How best to deal with wildlife crime while protecting the poor?
A new project will explore the different reasons people commit wildlife crimes and suggest ways governments can respond without harming the poorest communities.
Wildlife crime takes many forms. A poor farmer in Uganda might sneak into a national park with a simple snare to catch some bush-meat to feed his hungry family. Elsewhere in the same park, teams of men might shoot and kill an elephant, then sell its tusks to organised crime networks that smuggle the ivory to buyers in Asia.
One crime is driven by need, the other by greed. But policies and laws rarely distinguish between them and as a result they can penalise people, in effect, for being poor.
Wildlife crime also has impacts at different levels. It can deplete natural assets that are important for national development – for example wildlife that attracts tourists. It can also deplete resources that poor people depend on to survive.
These examples show that both wildlife crime and efforts to tackle it can have disproportionate effects on the poorest communities. As wildlife crime rises up the international agenda, then, it is critical that the needs of people don't get lost in discussions about the needs of animals.
Wildlife crime – and different approaches for tackling it – are not just the concern of conservationists. Interpol, the UN Security Council and the United States State Department have all discussed these issues recently. Presidents, princes and celebrities are among those speaking out and suggesting solutions.
When the UK government hosted an intergovernmental meeting this year to agree a way forward, it identified a three-pronged approach that can be summarised as:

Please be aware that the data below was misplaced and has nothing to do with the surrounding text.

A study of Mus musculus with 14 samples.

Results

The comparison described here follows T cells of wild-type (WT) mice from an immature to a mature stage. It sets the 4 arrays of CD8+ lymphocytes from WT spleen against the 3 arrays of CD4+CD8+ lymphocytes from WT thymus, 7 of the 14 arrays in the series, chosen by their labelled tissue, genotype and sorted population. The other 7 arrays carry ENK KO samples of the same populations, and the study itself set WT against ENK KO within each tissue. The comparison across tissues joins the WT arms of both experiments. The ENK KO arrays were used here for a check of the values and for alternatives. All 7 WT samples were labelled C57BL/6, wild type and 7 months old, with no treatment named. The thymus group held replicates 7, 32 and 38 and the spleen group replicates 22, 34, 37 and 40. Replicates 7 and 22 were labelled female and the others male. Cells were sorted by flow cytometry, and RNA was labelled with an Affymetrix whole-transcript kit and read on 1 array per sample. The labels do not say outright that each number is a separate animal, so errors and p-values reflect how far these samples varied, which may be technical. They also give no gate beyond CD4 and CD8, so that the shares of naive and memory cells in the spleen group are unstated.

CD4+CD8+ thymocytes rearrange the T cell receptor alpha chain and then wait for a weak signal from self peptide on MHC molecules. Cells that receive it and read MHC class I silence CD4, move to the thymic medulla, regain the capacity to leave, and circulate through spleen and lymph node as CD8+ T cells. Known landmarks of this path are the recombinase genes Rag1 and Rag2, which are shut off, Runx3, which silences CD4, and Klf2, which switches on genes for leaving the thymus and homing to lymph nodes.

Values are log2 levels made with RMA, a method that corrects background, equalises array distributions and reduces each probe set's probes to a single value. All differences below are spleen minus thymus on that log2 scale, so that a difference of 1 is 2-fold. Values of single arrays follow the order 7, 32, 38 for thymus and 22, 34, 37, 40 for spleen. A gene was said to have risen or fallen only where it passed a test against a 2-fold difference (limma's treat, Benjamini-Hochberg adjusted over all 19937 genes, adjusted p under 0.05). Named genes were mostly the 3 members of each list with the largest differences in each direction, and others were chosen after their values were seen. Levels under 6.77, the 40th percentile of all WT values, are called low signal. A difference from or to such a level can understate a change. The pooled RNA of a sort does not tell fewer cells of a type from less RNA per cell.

- Increase law enforcement
- Reduce demand
- Engage local communities
A blunt tool
To date, most countries affected by wildlife crime have focused on improved law enforcement, but this can be a blunt instrument. It can disproportionately target small-scale crimes and further alienate poor people from the resources that are critical to their livelihoods.
Commentators have also expressed concern about the increasing militarisation of conservation and other heavy-handed tactics in response to poaching. Last year, 13 people were murdered, numerous women claimed rape and thousands of livestock were maimed or killed in the name of wildlife conservation in Tanzania. A well-intentioned campaign to tackle elephant and rhino poaching had gone horribly wrong when armed forces and security personnel indiscriminately targeted local people.
So how else can conservation agencies respond to wildlife crime in ways that do not inadvertently harm poor people? How can they distinguish between those who barely scrape a living from wildlife and those who really make a killing, as architects of the illegal trade?
Funded by the UK Government's Illegal Wildlife Trade Challenge Fund, the project will work at two sites in Uganda – Murchison Falls National Park and Queen Elizabeth National Park – where wildlife crime of various types occur. The project will work with the poorest households living in and around these protected areas, to ensure their voices are heard.
Over three years we will explore:
- The drivers and impacts of wildlife crime at the local and national level
- The socio-economic profiles and motivations of individuals who participate in wildlife crime
- Which interventions local people, government and conservation managers think would be most effective in reducing wildlife crime and contributing towards poverty alleviation
We anticipate that the Uganda Wildlife Authority will be able to use the research findings to target its law enforcement efforts more appropriately and better support local livelihoods.
Our hypothesis? Long-term solutions to illegal wildlife trade require local support. Supporting good governance is critical – not just to better penalise the criminals but to better incentivise the people who hold the long term survival of species in their hands.
Although our project focuses on Uganda, we expect to generate policy lessons that are more widely applicable and useful to any organisation struggling with how best to respond to wildlife crime.
We are keen to engage others in this work. If you know of conservation and development interventions that aim to tackle wildlife crime, including (but not limited to) enforcement efforts, livelihood support projects and revenue sharing schemes; please let us know.
Dilys Roe is a principal researcher in IIED's Natural Resources Group (email@example.com).